According to researchers in the United States, in order for anti-smoking adverts to be effective they must either scare or disgust the audience.
A study by researchers at the University of Missouri has revealed that ads which have a combination of both fear and disgust content decrease viewers' attention and memory but those which focus on one or the other, increased attention and memory in viewers.
Most public anti-tobacco campaigns are designed to encourage people to quit smoking or to not start in the first place and will often try to do so by scaring them with the harmful effects of tobacco use.
For their study the Missouri researchers examined the effects of two types of content commonly used in anti-tobacco ads - tobacco health threats that evoke fear - and disturbing or disgusting images.
Glenn Leshner, lead author of the study and co-director of the Psychological Research on Information and Media Effects (PRIME) Lab in the Missouri School of Journalism, says when fear and disgust are combined in a single television ad, it possibly becomes too noxious for the viewer.
Leshner says they noticed several ads in their collection of anti-tobacco public service announcements that contained very disturbing images, such as cholesterol being squeezed from a human artery, a diseased lung, or a cancer-riddled tongue, presumably designed to scare people so that they won't smoke - but it appears that this strategy may backfire.
There is limited understanding of the cognitive and emotional processes associated with the effects of advertising messages, and according to Paul Bolls, co-author of the study and co-director of the PRIME Lab, the purpose of the study was to examine key characteristics of anti-tobacco ads that influence viewers' cognitive processes engaged during message exposure, which potentially contribute to the messages' effectiveness.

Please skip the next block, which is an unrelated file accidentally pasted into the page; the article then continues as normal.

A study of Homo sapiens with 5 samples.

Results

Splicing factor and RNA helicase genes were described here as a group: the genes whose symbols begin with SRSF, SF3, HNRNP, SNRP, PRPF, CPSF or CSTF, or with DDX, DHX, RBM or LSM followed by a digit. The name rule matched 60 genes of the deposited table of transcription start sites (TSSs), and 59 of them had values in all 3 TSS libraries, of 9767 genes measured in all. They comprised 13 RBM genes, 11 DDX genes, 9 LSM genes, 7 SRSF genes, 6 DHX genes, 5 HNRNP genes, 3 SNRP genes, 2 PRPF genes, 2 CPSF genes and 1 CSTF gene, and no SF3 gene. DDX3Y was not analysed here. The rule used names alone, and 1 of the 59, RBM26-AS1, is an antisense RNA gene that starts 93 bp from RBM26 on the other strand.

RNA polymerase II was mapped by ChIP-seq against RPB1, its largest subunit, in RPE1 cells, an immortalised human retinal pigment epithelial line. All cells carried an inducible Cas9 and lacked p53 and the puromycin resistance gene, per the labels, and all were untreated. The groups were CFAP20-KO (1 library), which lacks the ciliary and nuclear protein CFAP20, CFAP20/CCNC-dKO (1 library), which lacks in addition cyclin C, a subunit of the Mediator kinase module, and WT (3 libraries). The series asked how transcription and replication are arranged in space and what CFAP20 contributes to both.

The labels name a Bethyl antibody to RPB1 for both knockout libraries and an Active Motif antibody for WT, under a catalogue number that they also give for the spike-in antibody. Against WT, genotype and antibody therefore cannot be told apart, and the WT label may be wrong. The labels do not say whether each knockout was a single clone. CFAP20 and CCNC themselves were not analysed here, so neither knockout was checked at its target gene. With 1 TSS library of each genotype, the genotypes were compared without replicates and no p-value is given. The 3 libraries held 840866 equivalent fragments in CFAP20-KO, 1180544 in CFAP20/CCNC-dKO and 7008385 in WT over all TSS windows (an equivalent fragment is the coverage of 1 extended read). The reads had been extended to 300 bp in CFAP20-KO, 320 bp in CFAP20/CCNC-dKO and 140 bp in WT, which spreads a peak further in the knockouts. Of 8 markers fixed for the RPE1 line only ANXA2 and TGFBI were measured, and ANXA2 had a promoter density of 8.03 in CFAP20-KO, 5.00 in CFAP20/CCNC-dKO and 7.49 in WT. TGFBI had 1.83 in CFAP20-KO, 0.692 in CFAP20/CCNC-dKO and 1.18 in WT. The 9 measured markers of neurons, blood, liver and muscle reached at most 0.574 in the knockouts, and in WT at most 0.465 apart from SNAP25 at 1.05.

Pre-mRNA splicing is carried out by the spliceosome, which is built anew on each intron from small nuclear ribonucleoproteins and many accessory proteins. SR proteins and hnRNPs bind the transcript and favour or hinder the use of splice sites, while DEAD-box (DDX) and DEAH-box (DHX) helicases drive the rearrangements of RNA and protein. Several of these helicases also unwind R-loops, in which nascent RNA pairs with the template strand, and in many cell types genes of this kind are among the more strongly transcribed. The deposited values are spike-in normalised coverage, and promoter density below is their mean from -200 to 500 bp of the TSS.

Bolls says the study provides important insight into how young adults process anti-smoking messages, and it offers practical suggestions for designing effective tobacco prevention messages.
He says the way the human mind perceives and processes information in a persuasive message is the very foundation of any desired effect on targeted individuals.
The PRIME lab researches how very specific elements of health campaign messages engage attention and emotion so that messages can be produced that might actually help persuade individuals to adopt healthier attitudes and behaviours, says Bolls.
For the research the physiological responses of 58 viewers were measured while they watched a series of 30-second anti-tobacco ads which included fear messages that communicated health threats resulting from tobacco use (lung cancer, heart disease, etc.) or disgust content that focused on negative graphic images (dirty insects, blood, organs, etc.) or both fear and disgust content.
Responses were measured by electrodes placed on the viewers' facial muscles to gauge emotional responses- attention was defined as the amount of mental effort participants expended to interpret the messages and was measured by taking participants' heart rates.
To measure recognition, the participants completed a visual recognition task that consisted of watching brief video scenes (1 second) while pressing computer keys to indicate whether or not they believed the scene was from one of the ads they viewed during the experiment.
The study, "Scare 'em or Disgust 'em: the effect of graphic health promotion messages," will be published in the journal Health Communication.